Djibouti Remote Monitoring Report, February 2017


Significantly improved acute food security outcomes except in southeast pastoral border areas

Key Messages

  • The cumulative performance of Xays/Daada rains (October to February) was slightly below-average, but together with favorable 2016 Karan/Karma rainfall, has contributed to marked improvements of livestock ownership across Djibouti, except in Dikhil region, improving household incomes and food and milk access. As a result, the majority of poor households are expected to remain in Stressed (IPC Phase 2) through May 2017, ahead of the lean season.
  • Persistent poor pastoral conditions in Ali Sabieh and Dikhil regions, and limited market access in northern Obock due to its remoteness, has kept many poor households in these areas in Crisis (IPC Phase 3). During the lean season from May to September, when income-earning opportunities are at their lowest, the number of poor households in Crisis (IPC Phase 3) in these areas is expected to increase.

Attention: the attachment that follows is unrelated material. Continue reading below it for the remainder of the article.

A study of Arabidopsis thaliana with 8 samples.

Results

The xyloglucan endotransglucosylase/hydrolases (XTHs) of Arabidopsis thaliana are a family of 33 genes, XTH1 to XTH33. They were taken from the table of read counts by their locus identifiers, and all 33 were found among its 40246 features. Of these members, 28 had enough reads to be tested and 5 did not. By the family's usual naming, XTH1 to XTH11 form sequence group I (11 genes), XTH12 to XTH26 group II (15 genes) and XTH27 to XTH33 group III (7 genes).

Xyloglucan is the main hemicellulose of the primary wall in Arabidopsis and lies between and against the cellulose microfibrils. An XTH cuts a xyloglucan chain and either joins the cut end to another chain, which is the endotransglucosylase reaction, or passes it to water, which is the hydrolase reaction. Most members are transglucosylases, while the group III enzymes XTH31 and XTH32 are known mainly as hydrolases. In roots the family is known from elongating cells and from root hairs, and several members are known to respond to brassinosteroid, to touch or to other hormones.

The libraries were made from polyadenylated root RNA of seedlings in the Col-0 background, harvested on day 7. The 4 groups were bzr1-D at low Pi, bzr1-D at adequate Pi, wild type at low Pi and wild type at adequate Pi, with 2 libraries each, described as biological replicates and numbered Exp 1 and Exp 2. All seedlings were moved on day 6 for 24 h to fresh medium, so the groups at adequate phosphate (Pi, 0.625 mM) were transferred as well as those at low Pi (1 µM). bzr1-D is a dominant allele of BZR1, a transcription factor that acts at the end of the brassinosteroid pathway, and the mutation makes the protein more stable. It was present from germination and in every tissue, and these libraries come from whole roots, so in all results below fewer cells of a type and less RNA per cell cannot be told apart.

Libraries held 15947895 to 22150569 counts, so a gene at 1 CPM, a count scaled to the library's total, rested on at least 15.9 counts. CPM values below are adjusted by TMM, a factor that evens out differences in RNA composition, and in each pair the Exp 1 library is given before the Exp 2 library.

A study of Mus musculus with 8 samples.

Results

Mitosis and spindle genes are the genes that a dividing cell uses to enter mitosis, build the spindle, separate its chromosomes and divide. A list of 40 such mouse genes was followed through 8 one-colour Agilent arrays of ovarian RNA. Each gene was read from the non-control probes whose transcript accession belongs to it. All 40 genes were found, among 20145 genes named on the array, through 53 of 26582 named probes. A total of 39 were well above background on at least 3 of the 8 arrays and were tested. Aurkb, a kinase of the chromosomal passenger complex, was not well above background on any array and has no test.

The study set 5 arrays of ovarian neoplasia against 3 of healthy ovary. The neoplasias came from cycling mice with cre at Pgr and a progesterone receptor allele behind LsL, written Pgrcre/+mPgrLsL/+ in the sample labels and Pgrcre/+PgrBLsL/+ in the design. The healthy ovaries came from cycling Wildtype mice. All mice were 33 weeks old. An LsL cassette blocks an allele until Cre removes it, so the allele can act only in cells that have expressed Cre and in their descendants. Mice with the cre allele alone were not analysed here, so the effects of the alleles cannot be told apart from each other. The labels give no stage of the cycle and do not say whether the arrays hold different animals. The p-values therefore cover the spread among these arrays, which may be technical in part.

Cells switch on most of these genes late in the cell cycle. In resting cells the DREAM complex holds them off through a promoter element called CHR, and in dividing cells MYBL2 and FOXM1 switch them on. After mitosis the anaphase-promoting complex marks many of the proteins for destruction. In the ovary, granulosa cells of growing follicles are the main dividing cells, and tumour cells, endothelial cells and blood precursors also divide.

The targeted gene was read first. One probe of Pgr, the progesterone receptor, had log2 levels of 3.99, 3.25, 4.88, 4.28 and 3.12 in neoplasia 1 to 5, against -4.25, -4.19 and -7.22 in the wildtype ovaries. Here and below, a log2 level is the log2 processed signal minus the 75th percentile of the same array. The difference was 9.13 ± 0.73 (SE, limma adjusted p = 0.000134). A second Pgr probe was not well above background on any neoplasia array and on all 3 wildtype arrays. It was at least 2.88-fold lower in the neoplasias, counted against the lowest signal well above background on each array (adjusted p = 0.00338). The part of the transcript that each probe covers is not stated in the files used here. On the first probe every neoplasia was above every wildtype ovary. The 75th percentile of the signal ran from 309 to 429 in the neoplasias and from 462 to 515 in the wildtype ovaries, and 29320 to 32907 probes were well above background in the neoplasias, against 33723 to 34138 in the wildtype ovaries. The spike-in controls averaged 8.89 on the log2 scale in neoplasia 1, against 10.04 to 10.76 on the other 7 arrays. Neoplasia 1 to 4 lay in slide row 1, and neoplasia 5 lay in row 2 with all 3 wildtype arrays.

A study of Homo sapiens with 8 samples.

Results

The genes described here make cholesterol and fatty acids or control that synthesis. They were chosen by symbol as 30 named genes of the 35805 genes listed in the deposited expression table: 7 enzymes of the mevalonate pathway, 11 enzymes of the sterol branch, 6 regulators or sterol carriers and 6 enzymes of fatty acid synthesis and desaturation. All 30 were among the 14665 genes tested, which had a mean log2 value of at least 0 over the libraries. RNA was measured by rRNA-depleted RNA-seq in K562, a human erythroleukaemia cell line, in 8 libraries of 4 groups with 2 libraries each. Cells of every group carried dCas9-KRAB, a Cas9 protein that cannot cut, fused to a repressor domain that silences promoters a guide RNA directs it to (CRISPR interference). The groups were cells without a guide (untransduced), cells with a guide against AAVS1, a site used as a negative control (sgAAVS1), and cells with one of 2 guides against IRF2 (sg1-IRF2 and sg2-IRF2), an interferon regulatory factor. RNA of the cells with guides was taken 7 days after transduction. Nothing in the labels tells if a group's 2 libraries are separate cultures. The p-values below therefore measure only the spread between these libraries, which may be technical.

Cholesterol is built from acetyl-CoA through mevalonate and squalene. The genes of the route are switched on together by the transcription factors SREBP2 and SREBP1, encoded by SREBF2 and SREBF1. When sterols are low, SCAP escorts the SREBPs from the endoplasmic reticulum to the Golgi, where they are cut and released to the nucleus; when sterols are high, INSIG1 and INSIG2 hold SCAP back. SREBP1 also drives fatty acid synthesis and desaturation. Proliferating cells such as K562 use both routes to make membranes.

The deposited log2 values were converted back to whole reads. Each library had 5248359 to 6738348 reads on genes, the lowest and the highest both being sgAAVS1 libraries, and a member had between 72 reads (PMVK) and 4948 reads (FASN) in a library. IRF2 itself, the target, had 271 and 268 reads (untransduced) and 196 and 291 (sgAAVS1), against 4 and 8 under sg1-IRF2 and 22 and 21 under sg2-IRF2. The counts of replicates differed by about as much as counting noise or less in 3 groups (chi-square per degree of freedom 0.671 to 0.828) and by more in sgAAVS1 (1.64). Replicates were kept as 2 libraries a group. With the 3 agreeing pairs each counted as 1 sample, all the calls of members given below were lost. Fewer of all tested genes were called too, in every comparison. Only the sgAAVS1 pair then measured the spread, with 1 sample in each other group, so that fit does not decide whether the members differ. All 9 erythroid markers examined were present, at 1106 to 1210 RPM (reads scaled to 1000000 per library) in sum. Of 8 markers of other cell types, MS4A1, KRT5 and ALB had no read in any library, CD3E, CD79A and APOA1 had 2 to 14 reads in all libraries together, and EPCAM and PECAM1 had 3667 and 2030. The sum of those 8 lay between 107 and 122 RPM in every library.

• Djibouti continues to host over 18,000 refugees, who rely on humanitarian assistance, mainly from WFP and UNHCR, and are expected to remain in Crisis (IPC Phase 3) due to projected funding shortfalls. According to UNHCR, the country also hosts about 18,550 transit migrants, who are facing Crisis (IPC Phase 3) outcomes as well. In addition, approximately 4,500 new Ethiopian asylum-seekers, primarily from Oromia, were recently registered by UNHCR in Ali Addeh and Holl Holl refugee camps.